FEC Reports Dip in PAC Spending and Fund-Raising
WASHINGTON — SPENDING by special-interest groups in federal campaigns in 1989-90 fell 2 percent while fund-raising declined 3 percent, the Federal Election Commission said Saturday. It was the first such drop in more than a decade. The FEC study found that Democrats and incumbents receive most of the contributions.
Political-action committees (PACs), which numbered 4,681, raised $372.35 million and spent $358.08 million from January 1989 through last November's election. The sharpest drop was posted by committees without a sponsor, the agency said.
Total PAC spending reached a record $364.2 million in 1987-88 and fund-raising peaked at $384.6 million. At the beginning of the decade, spending totaled $131.2 million while fund-raising was $137.7 million.
Labor PACs posted a 13 percent gain in fund-raising and corporate PACs showed a 10 percent rise.
Nonaffiliated PACs, including organizations formed, sometimes, for a specific cause or to represent a specific issue, posted a 32 percent drop.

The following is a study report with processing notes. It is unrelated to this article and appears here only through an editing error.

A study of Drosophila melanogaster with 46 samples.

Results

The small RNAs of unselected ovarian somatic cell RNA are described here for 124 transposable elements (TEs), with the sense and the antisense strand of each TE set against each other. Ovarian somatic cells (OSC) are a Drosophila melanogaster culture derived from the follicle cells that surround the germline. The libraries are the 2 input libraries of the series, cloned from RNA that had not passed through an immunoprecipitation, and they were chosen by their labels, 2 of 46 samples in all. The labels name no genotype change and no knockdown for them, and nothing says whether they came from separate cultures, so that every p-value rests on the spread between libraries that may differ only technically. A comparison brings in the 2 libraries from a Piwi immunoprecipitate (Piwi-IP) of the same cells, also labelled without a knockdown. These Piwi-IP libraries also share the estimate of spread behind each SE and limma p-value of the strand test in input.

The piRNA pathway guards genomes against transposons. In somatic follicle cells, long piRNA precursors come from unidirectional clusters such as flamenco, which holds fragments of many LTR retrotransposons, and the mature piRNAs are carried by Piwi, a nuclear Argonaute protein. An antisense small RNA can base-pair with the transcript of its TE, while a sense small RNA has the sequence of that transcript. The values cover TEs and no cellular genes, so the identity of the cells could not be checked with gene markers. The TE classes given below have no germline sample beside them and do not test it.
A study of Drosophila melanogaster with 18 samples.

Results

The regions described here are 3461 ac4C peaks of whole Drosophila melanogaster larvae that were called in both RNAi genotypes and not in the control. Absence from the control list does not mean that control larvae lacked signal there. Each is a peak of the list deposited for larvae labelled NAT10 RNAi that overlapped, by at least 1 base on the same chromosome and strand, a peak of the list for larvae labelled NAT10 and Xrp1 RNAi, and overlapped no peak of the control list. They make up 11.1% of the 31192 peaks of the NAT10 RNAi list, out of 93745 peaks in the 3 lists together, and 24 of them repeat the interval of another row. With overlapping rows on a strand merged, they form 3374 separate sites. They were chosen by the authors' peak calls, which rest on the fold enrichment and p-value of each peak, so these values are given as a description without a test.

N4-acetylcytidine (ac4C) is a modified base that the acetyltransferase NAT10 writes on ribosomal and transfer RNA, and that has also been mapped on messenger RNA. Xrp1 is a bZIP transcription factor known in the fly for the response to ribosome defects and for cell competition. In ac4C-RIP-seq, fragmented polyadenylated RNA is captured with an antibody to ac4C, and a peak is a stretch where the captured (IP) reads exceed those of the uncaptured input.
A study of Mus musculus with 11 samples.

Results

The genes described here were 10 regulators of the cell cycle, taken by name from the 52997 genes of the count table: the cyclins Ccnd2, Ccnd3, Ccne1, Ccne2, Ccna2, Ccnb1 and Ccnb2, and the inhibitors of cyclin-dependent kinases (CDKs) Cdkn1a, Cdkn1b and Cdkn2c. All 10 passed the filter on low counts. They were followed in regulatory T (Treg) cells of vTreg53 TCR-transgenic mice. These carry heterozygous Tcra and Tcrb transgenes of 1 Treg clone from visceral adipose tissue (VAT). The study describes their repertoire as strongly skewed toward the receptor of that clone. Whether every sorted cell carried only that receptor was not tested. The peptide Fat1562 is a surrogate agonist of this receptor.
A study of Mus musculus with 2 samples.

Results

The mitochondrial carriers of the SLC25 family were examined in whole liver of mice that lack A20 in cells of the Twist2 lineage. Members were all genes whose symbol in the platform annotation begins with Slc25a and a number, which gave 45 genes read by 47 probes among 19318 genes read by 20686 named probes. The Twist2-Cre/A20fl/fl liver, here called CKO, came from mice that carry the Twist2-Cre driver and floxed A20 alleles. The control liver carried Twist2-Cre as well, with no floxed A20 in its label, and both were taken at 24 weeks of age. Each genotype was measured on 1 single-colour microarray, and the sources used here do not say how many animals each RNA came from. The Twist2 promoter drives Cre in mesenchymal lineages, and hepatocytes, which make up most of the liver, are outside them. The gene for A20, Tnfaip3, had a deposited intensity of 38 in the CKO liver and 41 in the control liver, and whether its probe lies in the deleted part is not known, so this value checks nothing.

"The decrease in spending occurred solely in the nonconnected category," the commission said.
The FEC report, based on financial disclosure reports filed by PACs and candidates for federal office, showed incumbents got 79 percent of the cash; open seats and challengers got 10 percent each. Democrats received 62 percent of PAC cash while Republicans collected 38 percent.
The report showed corporate PACs dominated fund-raising and spending during the 1989-90 election period, collecting $106.3 million and spending $100.8 million. By comparison, labor committees raised $88.9 million and spent $84.6 million.
Corporations favored Republicans, shelling out $30.6 million to all Republican candidates compared with $27.5 million for all Democratic candidates.
Labor organizations overwhelmingly favored Democrats, providing $32 million to all Democrats compared with $2.4 million to all Republicans.
The report showed the Democratic Republican Independent Voter Education Committee, which was formed by the Teamsters union, raised the most PAC cash, $10.52 million, followed by the American Medical Association at $5.7 million, and the National Association of Realtors, which collected $5.3 million.
Biggest spenders include the Teamsters' DRIVE committee, $10.5 million; the Realtors, $5.4 million; and Voter Guide, $5.1 million. The International Longshoreman's PAC had the most money on hand, $3.8 million.